Proteins are the most important functional biomolecules in nature with numerous applications in life science research, biotechnology and medicine. So how can they be modified in the most effective way to attain certain desired properties? In the past, the modifications were usually carried out either chemically or via genetic engineering.
The team of Professor Arne Skerra from the TUM Chair of Biological Chemistry has now developed a more elegant combined solution: By extending the otherwise universal genetic code, the scientists are able to coerce bacterial cells to produce tailored proteins with synthetic functional groups. To put their idea to the test, they set out to crack a particularly hard nut: The scientists wanted to incorporate a non-natural amino acid at a specific site into a widely used natural protein.
In bioresearch this protein is commonly known as "GFP" (= green fluorescent protein). It emits a bright green glow and stems originally from a jellyfish that uses the protein to make itself visible in the darkness of the deep sea. The team chose a pale lavender coumarin pigment, serving as side chain of a non-natural amino acid, as the synthetic group. The scientists "fed" this artificial amino acid to a laboratory culture of Escherichia coli bacteria -- the microorganism workhorses of genetic engineering, whose natural siblings are also found in the human intestine. Since the team had transferred the modified genetic blueprints for the GFP to the bacteria -- including the necessary biosynthesis machinery -- it incorporated the coumarin amino acid at a very specific site into the fluorescent protein.
This spot in the GFP was carefully chosen, explains Professor Skerra: "We positioned the synthetic amino acid at a very close distance from the fluorescence center of the natural protein." The scientists employed the principle of the so-called Foerster resonance energy transfer, or FRET for short. Under favorable conditions, this process of physical energy transfer, named after the German physical chemist Theodor Foerster, allows energy to be conveyed from one stimulated pigment to another in a radiation-less manner.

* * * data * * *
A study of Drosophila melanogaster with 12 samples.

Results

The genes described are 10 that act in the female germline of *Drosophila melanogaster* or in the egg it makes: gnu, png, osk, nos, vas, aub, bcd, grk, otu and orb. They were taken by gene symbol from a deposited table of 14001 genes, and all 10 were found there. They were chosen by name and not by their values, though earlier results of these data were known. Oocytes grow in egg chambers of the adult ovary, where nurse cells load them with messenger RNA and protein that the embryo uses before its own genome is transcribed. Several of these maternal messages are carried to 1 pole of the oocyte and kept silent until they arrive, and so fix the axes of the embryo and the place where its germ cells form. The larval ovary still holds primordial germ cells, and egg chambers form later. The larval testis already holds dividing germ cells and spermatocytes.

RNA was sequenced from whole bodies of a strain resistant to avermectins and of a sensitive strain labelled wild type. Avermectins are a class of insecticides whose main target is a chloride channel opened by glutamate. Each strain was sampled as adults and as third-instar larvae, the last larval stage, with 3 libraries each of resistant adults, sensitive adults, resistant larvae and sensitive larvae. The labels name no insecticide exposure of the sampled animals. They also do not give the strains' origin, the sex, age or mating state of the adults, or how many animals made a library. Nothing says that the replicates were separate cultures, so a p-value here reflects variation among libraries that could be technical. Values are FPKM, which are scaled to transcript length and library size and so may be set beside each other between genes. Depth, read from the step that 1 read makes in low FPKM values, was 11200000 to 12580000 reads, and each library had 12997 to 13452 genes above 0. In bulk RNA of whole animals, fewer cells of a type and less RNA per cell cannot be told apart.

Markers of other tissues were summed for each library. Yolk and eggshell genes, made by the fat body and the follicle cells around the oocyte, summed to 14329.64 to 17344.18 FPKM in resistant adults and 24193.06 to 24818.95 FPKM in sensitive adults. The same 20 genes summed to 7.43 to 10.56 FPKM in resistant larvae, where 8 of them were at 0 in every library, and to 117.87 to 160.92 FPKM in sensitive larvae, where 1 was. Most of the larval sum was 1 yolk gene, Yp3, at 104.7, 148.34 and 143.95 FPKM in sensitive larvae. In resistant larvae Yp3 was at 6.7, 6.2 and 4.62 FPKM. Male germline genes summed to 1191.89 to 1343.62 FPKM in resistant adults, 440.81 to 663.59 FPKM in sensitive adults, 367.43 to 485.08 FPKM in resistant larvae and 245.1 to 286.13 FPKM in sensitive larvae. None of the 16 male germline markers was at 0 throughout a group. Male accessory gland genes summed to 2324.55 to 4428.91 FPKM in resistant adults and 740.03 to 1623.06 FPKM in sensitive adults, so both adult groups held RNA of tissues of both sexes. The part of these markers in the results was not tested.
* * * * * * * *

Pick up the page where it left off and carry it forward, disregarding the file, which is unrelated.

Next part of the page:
It was precisely this FRET effect that the scientists implemented very elegantly in the new fluorescent protein. They defined the distance between the imported chemical pigment and the biological blue-green (cyan, to be more precise) pigment of the jellyfish protein in such a way that the interplay between the two dyes resulted in a completely novel kind of fluorescent chimeric biomolecule. Because of the extreme proximity of the two luminescent groups the pale lavender of the synthetic amino acid can no longer be detected; instead, the typical blue-green color of the fluorescent protein dominates. "What is special here, and different from the natural GFP, is that, thanks to the synthetically incorporated amino acid, the fluorescence can be excited with a commercially available black-light lamp in place of an expensive dedicated LASER apparatus," explains Sebastian Kuhn, who conducted these groundbreaking experiments as part of his doctoral thesis.
According to Skerra, the design principle of the novel bio-molecule, which is characterized by a particularly large and hard to achieve wavelength difference between excitation and emitted light, should open numerous interesting applications: "We have now demonstrated that the technology works. Our strategy will enable the preparation of customized fluorescent proteins in various colors for manifold future purposes." This research project was financially supported by the German Research Foundation (DFG) as part of the Excellence Cluster "Munich Center for Integrated Protein Science" (CIPS-M).